U.S. Secretary of Defense Chuck Hagel said Tuesday that with Congress’ help the Pentagon was able to find enough savings in its budget to cut civilian furloughs from 11 days to six.
The announcement, which signaled a small victory in a budget cycle officials have described as the “most volatile and uncertain” in Defense Department history, was cheered at Fort Gordon, where an 11-day furlough approved by Hagel in May has at times forced employees to double their workload for 20 percent less pay, said Garrison Commander Bob Barker.
According to the announcement released Tuesday, the last furlough day for most Fort Gordon staff will be Aug. 13.
“Although it will take time for official instructions to reach us through our chain of command, this is obviously welcome news,” Barker said in a statement. “We have important work to do at Fort Gordon, and the full-time return of the workforce will enable us to accomplish our critical missions on behalf of the armed forces and the nation.”
In a message to all of the Defense Department’s 650,000 civilian workers, Hagel explained how his staff found the savings needed to meet $37 billion in cuts mandated by sequestration.
When sequestration took effect March 1, the Defense Department faced cuts of more than $30 billion in its budget for day-to-day operating costs and the possibility of forcing civilian employees to take up to 22 days of unpaid leave.
In early January, military leaders began civilian hiring freezes, layoffs of temporary workers, significant cuts in facilities maintenance and more. They also sharply cut training.
But by early May, senior defense leaders still faced day-to-day budgetary shortfalls of $11 billion.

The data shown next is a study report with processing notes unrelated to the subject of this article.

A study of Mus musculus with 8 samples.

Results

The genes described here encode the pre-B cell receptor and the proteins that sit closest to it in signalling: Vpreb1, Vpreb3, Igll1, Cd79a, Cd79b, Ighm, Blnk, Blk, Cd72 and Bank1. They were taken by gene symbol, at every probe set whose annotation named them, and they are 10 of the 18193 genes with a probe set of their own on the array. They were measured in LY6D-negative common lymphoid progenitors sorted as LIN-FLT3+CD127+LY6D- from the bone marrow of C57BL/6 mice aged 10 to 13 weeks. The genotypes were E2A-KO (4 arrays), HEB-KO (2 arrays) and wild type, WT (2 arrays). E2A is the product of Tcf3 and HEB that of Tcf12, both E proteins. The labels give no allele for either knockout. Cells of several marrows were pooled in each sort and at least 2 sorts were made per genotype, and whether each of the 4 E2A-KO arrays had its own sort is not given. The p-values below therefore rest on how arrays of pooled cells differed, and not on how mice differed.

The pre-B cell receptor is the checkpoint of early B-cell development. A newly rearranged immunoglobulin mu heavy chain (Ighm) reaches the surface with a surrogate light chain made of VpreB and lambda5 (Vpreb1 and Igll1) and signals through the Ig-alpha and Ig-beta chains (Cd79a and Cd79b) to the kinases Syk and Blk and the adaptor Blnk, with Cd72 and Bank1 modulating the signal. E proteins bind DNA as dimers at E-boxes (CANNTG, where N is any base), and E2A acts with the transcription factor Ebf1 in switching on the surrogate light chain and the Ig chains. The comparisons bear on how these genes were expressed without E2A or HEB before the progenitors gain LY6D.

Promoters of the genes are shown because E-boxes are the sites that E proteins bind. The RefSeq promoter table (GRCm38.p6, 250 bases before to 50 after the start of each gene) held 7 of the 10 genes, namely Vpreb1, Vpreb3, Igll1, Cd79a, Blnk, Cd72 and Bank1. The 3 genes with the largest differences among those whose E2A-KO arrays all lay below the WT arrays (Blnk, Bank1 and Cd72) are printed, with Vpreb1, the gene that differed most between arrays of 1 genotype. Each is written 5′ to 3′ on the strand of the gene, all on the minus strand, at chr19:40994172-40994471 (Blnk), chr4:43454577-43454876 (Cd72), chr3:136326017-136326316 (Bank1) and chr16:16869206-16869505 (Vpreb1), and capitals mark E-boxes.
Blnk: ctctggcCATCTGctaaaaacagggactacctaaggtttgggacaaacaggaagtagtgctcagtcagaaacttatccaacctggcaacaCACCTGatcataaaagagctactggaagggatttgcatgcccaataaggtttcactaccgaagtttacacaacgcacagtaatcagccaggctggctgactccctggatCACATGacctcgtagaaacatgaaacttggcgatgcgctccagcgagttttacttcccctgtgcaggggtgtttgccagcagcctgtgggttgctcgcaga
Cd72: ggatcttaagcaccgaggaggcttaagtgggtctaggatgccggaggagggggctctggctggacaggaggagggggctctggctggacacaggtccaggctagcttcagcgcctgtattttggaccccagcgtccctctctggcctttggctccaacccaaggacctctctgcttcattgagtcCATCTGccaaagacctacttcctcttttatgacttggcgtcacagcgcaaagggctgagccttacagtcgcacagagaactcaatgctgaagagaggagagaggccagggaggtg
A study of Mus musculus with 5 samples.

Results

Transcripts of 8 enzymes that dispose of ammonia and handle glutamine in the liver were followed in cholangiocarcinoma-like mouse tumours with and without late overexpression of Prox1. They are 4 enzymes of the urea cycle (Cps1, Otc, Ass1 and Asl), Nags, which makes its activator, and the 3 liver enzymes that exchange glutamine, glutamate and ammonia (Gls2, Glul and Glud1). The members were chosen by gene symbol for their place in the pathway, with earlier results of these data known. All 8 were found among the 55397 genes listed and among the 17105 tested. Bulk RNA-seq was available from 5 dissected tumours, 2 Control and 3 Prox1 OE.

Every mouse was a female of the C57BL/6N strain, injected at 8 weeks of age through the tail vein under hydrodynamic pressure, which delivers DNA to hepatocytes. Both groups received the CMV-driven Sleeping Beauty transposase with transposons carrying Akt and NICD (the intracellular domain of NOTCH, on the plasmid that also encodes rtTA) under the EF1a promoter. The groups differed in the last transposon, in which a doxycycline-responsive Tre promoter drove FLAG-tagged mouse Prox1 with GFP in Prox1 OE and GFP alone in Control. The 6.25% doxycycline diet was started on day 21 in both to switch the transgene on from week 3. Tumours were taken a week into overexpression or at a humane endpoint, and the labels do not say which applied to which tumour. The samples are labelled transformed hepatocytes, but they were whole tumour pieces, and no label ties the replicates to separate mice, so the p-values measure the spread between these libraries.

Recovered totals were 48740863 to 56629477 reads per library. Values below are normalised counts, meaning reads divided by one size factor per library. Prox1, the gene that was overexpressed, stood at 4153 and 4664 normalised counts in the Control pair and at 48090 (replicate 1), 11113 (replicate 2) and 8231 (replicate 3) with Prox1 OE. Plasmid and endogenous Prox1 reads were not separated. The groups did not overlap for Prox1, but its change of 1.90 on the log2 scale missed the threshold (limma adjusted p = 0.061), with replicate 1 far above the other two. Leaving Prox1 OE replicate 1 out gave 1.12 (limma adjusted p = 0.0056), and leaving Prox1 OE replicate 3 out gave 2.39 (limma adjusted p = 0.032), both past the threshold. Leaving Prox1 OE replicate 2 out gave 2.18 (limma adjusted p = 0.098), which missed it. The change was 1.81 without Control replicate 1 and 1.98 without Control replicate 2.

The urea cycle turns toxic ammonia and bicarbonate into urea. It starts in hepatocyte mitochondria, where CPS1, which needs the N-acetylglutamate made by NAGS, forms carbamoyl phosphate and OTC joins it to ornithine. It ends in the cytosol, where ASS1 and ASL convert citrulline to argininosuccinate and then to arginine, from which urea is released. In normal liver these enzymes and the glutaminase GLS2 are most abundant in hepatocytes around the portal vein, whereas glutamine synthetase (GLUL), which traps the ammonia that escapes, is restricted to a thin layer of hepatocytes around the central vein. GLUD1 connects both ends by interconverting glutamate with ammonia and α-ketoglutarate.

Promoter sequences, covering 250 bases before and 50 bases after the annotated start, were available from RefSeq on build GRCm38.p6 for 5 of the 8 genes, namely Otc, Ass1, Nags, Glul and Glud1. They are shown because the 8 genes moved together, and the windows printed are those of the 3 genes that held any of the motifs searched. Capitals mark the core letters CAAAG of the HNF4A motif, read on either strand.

“At that point I decided that cutting any deeper into training and maintenance would jeopardize our core readiness mission and national security, which is why I announced furloughs of 11 days,” Hagel said.
Hoping to be able to reduce furloughs, Hagel said his staff submitted a large reprogramming proposal to Congress in May, asking elected officials to let the Defense Department move funds from acquisition accounts into day-to-day operations.
“Congress approved most of this request in late July, and we are working with them to meet remaining needs,” Hagel said. “We are also experiencing less-than-expected costs in some areas, such as transportation of equipment out of Afghanistan. … And the furloughs have saved us money.”
However, with fiscal year 2014 two months away, the Defense Department still faces major fiscal challenges, he said.
If Congress does not change the Budget Control Act, the secretary said, his department will be forced to cut an additional $52 billion starting Oct. 1.
U.S. Rep. John Barrow, D-Ga., who last month had an amendment approved to prohibit furloughs from taking place in the next fiscal year, was partially pleased with the development.
“This is a great first step for the folks in the 12th District, but I won’t be
satisfied until we do away with these furloughs altogether,” he said in a statement.
Barrow said there is a bipartisan consensus in the House of Representatives that Congress can more efficiently cut federal spending than a sequester.
“Folks who work at Fort Gordon, and in military installations all across the country, are paying the price for a broken system in Washington,” he said in the statement. “That’s not fair and that’s not smart. We need to do all we can to make sure we cut spending in the right places, and not from the folks we rely on for our national security.”